Jackson still gets amped whenever her former team takes the floor. And when former teammate Sue Bird has a fourth-quarter stretch for the ages, as Bird did Tuesday to lead the Storm to the Finals, expect LJ to react as though she is still suiting up.
There were about 9,000 people at KeyArena on Tuesday, most screaming or booing or banging their boomsticks as loudly as physically able. But perhaps the most boisterous Storm fan was watching from 8,000 miles away, soaking it up as her co-legend updated her historic résumé.
Lauren Jackson won two titles alongside Sue Bird as well as three regular-season MVPs. Perhaps the most dominant player to grace the WNBA, it seemed the only force that could slow the Aussie was her ever-tenuous knees.
But even though her No. 15 now hangs from the KeyArena rafters, Jackson still gets amped whenever her former team takes the floor. And when her former teammate has a fourth-quarter stretch for the ages, as Bird did Tuesday, expect LJ to react as though she is still suiting up.
“It was incredible. I think because I care so much about Sue as well as the club — I’m gonna be a Storm fan for life,” said Jackson, who was watching live from Melbourne. “I do care so much for Sue. I’ve never seen her play better than she did. … She just wasn’t going to lose that game. It was amazing to watch.”
2018 WNBA CHAMPS!
Seattle sweeps Washington 3-0
In the deciding Game 5 of Tuesday’s WNBA semifinals against the Mercury, Bird scored 14 points in a five-minute stretch toward the end of the fourth quarter. She made four three-pointers over that span to lead the Storm back to the WNBA Finals (which begin Friday in Seattle vs. the Mystics) for the first time since she and Jackson won them in 2010.
Jackson was blown away that anyone could perform at such a level, let alone a 37-year-old who has played more than 500 WNBA games. And though she couldn’t be there to hug her, as she wished she could have, Jackson did send Bird a text that summed up what everyone looking on was thinking.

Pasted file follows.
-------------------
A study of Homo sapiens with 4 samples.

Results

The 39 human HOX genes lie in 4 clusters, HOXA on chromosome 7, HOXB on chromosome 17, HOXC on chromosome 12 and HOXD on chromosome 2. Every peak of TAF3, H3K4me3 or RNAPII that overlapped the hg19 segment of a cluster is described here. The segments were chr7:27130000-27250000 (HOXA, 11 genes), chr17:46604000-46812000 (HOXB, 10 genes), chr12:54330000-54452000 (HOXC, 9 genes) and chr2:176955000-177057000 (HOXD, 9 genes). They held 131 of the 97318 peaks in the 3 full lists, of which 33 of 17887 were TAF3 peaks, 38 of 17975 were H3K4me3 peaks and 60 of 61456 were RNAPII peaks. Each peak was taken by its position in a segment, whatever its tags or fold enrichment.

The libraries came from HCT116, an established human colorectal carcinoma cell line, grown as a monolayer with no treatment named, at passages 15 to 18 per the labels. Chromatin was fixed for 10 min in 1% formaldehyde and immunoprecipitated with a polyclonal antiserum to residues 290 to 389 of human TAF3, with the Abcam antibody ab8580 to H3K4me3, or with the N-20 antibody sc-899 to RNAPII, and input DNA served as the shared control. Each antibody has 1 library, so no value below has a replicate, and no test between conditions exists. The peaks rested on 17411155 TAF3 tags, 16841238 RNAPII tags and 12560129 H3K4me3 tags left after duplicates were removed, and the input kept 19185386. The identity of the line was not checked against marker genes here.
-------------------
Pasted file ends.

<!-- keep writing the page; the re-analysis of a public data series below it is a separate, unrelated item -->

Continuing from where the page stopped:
“I said, ‘You freaking legend,’ ” said Jackson, who used a different word than “freaking.” “I’m sure she probably went out for dinner and did all the things. It was late. She’s a legend you know.”
Jackson, 37, hasn’t been back to Seattle since her jersey retirement in July 2016, when she was pregnant with her now 19-month-old Harry. When not raising her boy, she works as an assistant general manager for the Melbourne Boomers of the Women’s National Basketball League. She is also about to start her MBA at the University of Canberra but still makes plenty of time for Storm games.
Although they aren’t always easy to watch.
What was it like for you during those first three quarters? They were pretty shaky.
“Hell yes. I was nervous. Phoenix was on a mission,” Jackson said. “They wanted it really, really badly. That was evident from the first few games, but our little Bird wanted it more. She’s a joy to watch just as a fan of women’s basketball — that was the epitome of the game.”
Jackson admits she doesn’t remember much about the Storm’s 2004 title. Her memories of the 2010 run generally center around Bird making clutch plays.
The primary difference between then and now is that it is Breanna Stewart, not Jackson, who had an MVP-caliber season in the post. Safe to say Jackson isn’t jealous.
“I just hit (Stewart) up online. I just wanted to say congratulations, and it’s so great seeing this,” Jackson said. “It’s going to be with them for the rest of their careers.”
Kind as Jackson may have been to Stewart, it’s clear who her favorite player is. She said she and Bird still text regularly and added that Sue is generally the first to know about any developments in her life.
As for Jackson returning to Seattle? Doesn’t seem likely for the Finals. Though she said she’d like to watch Bird play in person before she retires, the plan for now is to watch from her hometown of Albury.
Doesn’t mean Jackson still can’t pass on a message to the team.
“Just to focus on the moment,” she said.
A moment Jackson will experience with them from the other side of the world.